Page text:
A Measurement Model Approach to Estimating Community Policing Implementation

Published in: Justice Research and Policy, v. 6, no. 2, Fall 2004, 24 p

Posted on RAND.org on December 31, 2003

by Jeremy M. Wilson

Read More

Access further information on this document at www.ncjrs.gov

This article was published outside of RAND. The full text of the article can be found at the link above.

Considerable resources in the form of public expenditures, effort, and scholarship are focused on community policing, yet little attention has been given to the measurement of its implementation. This study explores the utility of measurement models to improve the estimation of community policing implementation utilizing the 1997 (n = 462) and 1999 (n = 497) waves of the Law Enforcement Management and Administrative Statistics survey of large, municipal police organizations (i.e., 100 or more full-time equivalent sworn officers). Overall, the evidence suggests a second-order model is consistent with the data and is invariant across waves. Use of such models, which have many desirable properties, could assist in measuring community policing and how its implementation changes over time, comparing implementation across specific police organizations at one or multiple points in time, and delineating the role community policing has as both an exogenous (e.g., its impact on effectiveness) and endogenous (e.g., which factors influence implementation) phenomenon.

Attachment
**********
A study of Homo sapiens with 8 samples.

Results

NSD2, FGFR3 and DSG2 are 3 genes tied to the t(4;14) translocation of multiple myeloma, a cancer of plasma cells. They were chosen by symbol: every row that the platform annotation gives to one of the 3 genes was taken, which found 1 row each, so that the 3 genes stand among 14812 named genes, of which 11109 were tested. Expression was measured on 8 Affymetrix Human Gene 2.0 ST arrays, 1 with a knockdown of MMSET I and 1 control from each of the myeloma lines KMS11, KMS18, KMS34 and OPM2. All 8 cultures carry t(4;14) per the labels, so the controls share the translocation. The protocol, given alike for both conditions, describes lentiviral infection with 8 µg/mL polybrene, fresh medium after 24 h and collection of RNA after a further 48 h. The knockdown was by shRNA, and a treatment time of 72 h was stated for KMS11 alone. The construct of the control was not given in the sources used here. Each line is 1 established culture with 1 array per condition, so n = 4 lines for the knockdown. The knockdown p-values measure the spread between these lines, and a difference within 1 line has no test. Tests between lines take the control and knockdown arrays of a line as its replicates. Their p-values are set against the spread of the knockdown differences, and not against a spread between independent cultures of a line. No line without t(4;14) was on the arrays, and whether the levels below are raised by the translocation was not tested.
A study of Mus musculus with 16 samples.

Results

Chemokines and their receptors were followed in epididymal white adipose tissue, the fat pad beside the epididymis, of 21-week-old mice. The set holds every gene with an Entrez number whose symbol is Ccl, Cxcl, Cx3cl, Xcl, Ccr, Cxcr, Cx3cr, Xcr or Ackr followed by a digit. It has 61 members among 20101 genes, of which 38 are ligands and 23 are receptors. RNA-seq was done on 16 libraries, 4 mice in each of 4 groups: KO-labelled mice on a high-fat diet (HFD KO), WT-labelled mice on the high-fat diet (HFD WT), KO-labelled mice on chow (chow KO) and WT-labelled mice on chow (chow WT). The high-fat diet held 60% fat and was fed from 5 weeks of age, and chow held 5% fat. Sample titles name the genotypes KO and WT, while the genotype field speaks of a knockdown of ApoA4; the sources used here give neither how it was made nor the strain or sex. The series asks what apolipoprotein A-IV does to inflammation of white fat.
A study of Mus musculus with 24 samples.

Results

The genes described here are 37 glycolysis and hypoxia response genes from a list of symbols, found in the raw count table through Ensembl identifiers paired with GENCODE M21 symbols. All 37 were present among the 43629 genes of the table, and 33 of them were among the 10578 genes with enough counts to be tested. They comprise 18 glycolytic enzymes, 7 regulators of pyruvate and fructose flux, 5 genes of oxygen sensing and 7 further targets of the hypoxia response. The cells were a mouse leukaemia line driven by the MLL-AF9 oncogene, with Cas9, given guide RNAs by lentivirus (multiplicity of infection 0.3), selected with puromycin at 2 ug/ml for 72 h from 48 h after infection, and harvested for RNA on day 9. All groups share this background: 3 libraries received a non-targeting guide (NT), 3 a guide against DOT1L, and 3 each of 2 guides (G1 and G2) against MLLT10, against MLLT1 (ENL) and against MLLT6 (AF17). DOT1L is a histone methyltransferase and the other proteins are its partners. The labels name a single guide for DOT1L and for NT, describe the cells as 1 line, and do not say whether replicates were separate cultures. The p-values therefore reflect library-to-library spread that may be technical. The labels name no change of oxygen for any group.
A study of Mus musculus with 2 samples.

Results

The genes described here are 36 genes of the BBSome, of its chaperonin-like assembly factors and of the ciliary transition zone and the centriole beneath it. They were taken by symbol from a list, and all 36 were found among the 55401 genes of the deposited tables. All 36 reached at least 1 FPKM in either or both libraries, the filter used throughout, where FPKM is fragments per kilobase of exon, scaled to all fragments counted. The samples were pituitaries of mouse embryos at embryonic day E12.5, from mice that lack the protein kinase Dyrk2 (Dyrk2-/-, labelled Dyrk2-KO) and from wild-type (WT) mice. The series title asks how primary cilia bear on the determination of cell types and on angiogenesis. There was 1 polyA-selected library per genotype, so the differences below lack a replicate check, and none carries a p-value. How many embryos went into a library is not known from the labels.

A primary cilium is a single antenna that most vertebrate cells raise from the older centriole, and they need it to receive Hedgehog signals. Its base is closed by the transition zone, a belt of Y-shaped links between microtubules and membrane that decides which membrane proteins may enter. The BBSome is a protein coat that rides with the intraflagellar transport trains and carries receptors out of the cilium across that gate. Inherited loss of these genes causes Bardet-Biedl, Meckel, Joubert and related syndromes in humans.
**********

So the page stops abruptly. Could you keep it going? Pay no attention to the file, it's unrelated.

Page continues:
This report is part of the RAND Corporation external publication series. Many RAND studies are published in peer-reviewed scholarly journals, as chapters in commercial books, or as documents published by other organizations.

The RAND Corporation is a nonprofit institution that helps improve policy and decisionmaking through research and analysis. RAND's publications do not necessarily reflect the opinions of its research clients and sponsors.